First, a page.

SpaceX successfully sends its 9th batch of Starlink satellites to space
On June 13 at 5:21 a.m. EST, SpaceX’s ninth set of Starlink satellites lifted off Launch Complex 40 aboard a Falcon 9 rocket at Cape Canaveral Air Force Station in Florida.
This mission marked the fastest turnaround for Launch Complex 40, as Starlink 7 lifted off just over nine days before this flight. The nine Merlin engines roared to life, creating an early sunrise for the Space Coast, and burned for roughly two and a half minutes before shutting off and giving way to the second stage. The first stage then initiated its flip maneuver to position itself on the proper alignment to begin a reentry burn toward its timed target of the “Of Course I Still Love You” autonomous drone ship. The first stage successfully touched down on the ship’s deck roughly nine minutes after it first left earth.
After coasting for nearly fifteen minutes after liftoff, the second stage of Falcon 9 deployed 58 Starlink satellites as well as three SkySat Earth-imaging satellites in conjunction with a ride share program for a company called Planet SkySats.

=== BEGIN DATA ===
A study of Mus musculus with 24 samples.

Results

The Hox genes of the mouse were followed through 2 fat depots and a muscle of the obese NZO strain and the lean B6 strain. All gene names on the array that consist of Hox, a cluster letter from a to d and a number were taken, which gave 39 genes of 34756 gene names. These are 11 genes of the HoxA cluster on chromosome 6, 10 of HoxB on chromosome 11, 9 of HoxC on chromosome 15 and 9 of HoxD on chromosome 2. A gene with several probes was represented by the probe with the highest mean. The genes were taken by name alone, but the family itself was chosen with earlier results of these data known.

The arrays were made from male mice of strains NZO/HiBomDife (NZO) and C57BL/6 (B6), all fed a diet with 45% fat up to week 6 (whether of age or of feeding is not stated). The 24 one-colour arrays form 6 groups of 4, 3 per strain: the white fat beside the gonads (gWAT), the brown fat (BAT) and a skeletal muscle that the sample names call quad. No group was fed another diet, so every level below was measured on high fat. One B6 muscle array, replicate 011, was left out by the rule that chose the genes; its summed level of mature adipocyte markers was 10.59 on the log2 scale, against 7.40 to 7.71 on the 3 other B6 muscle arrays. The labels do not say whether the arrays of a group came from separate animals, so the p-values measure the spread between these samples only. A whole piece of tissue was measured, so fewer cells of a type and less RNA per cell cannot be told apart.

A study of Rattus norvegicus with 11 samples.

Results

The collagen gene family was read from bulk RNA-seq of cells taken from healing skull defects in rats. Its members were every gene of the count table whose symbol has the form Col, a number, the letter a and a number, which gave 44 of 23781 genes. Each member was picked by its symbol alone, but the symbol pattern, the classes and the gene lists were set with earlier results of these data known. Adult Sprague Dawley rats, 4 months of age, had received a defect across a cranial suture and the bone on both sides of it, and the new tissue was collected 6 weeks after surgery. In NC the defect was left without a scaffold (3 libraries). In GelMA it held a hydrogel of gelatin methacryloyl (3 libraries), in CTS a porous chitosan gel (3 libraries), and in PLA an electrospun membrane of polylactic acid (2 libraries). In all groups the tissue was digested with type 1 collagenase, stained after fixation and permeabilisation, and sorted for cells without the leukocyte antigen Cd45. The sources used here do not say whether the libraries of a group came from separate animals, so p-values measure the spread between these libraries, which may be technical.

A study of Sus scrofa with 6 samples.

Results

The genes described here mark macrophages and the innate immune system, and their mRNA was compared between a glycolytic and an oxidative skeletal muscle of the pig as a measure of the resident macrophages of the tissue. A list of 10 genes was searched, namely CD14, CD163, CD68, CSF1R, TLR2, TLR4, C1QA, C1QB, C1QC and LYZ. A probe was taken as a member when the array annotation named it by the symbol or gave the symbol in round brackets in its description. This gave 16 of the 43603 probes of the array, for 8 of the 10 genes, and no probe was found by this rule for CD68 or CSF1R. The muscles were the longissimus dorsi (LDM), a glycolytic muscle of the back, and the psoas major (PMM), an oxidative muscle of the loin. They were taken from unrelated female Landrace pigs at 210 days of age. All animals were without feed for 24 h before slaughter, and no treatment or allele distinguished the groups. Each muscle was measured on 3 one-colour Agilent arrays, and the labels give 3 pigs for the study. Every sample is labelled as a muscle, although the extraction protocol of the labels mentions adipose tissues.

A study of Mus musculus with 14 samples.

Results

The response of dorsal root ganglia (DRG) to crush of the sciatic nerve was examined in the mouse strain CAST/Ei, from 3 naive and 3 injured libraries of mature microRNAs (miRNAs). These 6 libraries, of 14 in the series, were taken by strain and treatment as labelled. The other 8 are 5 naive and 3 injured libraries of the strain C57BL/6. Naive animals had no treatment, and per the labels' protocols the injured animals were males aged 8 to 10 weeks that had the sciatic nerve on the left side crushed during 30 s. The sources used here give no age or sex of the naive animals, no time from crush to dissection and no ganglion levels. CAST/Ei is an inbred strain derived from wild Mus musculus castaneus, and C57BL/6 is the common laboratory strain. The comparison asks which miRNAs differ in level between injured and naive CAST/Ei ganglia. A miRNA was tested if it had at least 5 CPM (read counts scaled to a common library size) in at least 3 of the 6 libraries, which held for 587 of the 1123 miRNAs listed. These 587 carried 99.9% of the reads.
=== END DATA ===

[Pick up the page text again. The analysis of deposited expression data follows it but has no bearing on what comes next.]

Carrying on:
While the Falcon 9 launch cadence is no stranger to the ferrying of Starlink satellites to orbit, this launch marked several “firsts” for the company. This particular Starlink launch marks the first time that a Falcon 9 booster has flown without having been given a static fire test in the days leading up to flight. While SpaceX did not give an official reason as to why this is the case, it is reasonable to assume that this is due in part to the reliability of the Falcon 9 rocket. Having completed 85 successful launches, the company has been striving to bring Falcon 9 to the reliability level of launching without a static fire test. Given the internal nature of the Starlink payload, the company likely found it fitting to test this theory with this flight, and could possibly make this a regularity in Falcon 9 flights going forward. This launch was also the first time Starlink has shared a fairing with a small sat taking advantage of SpaceX’s fairly recent Rideshare Program.
On Friday, SpaceX released an official update to its Starlink page on the company website. Interested users are now able to sign up for updates for the latest information on how they can take advantage of beta testing for Starlink, as well as when it might become available.